Justin Delgado is husband to Kacie Doyle-Delgado, diagnosed at age 11. After more than a decade together, he considers himself to be an expert carb counter and Dexcom inserter. He graduated with his Master of Science in Finance from the University of Utah in 2013 and has been working in commercial banking since then. He attended his first Friends for Life conference in 2015 and is looking forward to volunteering with the teens.
May 22, 2001
Blood Tests and Insulin Injections
Question from Liverpool, England:
An eight year old girl was just diagnosed with type 1 diabetes, and one test the doctors did was of her blood pH level. They said her level was decreased (about 7.23). Can you tell me why her blood pH level was decreased?
Briefly and simply, insulin governs the entry of glucose into the cell, and glucose is the principal fuel for the body as a whole. When there an insufficient supply of insulin as can be the case in type 1, the body breaks down fat as an alternative source of energy. This breakdown is incomplete though because ultimately it depends on normal glucose metabolism. As a result, there is an accumulation of ‘ketoacids’ such as acetoacetic acid. These acids in turn build up, as any acid will, and there is accumulation of hydrogen ions. Since pH is an expression of the reciprocal of the logarithm of the concentration of hydrions, there may be a fall in pH (In this case, from the normal level of 7.40 in the blood to 7.23, a significant change).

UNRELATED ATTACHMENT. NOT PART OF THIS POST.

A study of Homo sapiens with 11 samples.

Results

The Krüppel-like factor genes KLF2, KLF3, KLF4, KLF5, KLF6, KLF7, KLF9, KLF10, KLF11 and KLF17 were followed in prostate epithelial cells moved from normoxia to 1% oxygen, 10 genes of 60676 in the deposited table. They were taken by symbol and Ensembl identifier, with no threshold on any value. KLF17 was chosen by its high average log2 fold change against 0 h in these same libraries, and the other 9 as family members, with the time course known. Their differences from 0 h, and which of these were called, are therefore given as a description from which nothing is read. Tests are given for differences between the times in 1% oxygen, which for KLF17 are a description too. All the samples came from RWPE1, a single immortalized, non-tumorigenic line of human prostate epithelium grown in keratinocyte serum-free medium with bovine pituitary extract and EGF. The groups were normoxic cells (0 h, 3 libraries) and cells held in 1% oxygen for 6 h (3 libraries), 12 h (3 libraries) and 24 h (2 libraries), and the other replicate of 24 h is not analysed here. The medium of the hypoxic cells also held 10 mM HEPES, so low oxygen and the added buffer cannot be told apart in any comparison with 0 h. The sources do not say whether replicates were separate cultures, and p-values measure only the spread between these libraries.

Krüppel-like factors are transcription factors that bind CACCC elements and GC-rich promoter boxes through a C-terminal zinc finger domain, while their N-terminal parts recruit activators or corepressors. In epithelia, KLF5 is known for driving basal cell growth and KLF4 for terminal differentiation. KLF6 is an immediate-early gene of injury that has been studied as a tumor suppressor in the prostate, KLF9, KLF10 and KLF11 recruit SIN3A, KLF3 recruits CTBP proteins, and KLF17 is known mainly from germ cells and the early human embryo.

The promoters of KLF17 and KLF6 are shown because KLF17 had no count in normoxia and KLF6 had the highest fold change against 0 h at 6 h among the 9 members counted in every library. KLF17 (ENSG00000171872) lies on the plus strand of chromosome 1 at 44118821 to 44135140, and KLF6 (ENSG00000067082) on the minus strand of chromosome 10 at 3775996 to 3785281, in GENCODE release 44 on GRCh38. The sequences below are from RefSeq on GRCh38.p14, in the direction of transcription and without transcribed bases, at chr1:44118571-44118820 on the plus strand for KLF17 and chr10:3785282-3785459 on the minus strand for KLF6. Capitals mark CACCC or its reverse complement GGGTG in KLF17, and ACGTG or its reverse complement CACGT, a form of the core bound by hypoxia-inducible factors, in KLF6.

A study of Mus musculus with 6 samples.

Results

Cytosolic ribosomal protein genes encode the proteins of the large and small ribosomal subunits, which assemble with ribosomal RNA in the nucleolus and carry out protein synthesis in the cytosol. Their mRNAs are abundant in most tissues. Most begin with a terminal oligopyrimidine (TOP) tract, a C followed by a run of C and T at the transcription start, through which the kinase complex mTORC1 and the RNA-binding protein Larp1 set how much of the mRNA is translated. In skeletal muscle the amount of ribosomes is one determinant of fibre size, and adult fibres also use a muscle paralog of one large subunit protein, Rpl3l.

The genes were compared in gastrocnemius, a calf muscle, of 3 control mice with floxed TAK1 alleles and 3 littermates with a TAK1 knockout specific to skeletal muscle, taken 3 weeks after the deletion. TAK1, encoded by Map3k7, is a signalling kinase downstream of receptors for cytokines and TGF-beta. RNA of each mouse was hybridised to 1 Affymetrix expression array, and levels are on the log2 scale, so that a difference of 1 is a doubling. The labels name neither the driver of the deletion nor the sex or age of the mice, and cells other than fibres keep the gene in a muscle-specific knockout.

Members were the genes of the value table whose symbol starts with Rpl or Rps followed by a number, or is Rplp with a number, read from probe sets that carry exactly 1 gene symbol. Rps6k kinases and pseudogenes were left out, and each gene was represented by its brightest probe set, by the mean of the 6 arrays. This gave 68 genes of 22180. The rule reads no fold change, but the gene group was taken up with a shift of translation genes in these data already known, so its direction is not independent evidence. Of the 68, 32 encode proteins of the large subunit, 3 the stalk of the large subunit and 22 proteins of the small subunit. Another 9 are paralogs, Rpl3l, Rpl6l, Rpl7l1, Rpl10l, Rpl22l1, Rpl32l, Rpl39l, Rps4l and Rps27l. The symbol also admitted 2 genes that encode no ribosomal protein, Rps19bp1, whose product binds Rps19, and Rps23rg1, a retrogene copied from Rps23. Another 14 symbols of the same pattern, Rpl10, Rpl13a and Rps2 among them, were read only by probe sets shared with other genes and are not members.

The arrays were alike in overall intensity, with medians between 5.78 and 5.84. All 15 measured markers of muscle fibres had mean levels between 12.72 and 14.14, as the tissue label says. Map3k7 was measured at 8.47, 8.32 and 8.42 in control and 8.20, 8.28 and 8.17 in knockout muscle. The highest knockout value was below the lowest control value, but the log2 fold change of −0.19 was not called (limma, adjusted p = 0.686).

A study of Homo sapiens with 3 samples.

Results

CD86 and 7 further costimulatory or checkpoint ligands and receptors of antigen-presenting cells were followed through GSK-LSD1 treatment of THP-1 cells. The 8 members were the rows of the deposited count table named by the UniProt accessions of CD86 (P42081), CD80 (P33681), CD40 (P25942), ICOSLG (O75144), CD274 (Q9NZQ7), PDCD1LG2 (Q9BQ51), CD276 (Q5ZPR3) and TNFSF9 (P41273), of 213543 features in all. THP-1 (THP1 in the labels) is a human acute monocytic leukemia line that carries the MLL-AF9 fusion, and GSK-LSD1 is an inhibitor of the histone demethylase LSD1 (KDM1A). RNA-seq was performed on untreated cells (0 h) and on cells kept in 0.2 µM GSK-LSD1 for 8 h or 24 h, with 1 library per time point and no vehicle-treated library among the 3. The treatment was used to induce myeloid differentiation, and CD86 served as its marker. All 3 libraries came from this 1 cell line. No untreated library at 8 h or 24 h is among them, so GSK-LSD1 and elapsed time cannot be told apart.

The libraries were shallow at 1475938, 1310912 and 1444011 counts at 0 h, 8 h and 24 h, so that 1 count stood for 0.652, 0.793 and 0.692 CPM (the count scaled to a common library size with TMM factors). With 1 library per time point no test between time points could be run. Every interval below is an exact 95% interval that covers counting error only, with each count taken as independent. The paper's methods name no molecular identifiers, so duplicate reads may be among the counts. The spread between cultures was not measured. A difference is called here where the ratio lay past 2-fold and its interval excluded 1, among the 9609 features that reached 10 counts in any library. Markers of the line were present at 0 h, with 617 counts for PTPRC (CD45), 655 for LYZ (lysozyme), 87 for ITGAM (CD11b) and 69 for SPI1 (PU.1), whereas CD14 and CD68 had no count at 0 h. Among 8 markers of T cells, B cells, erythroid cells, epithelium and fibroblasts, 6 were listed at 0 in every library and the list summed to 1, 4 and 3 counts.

In the severe form of this, which is called DKA [diabetic ketoacidosis], it is considered best not to counter this with alkalis like bicarbonate, but to let the kidneys achieve homeostasis by giving adequate fluids.
This is an oversimplification, but any biochemistry textbook will explain this in more detail.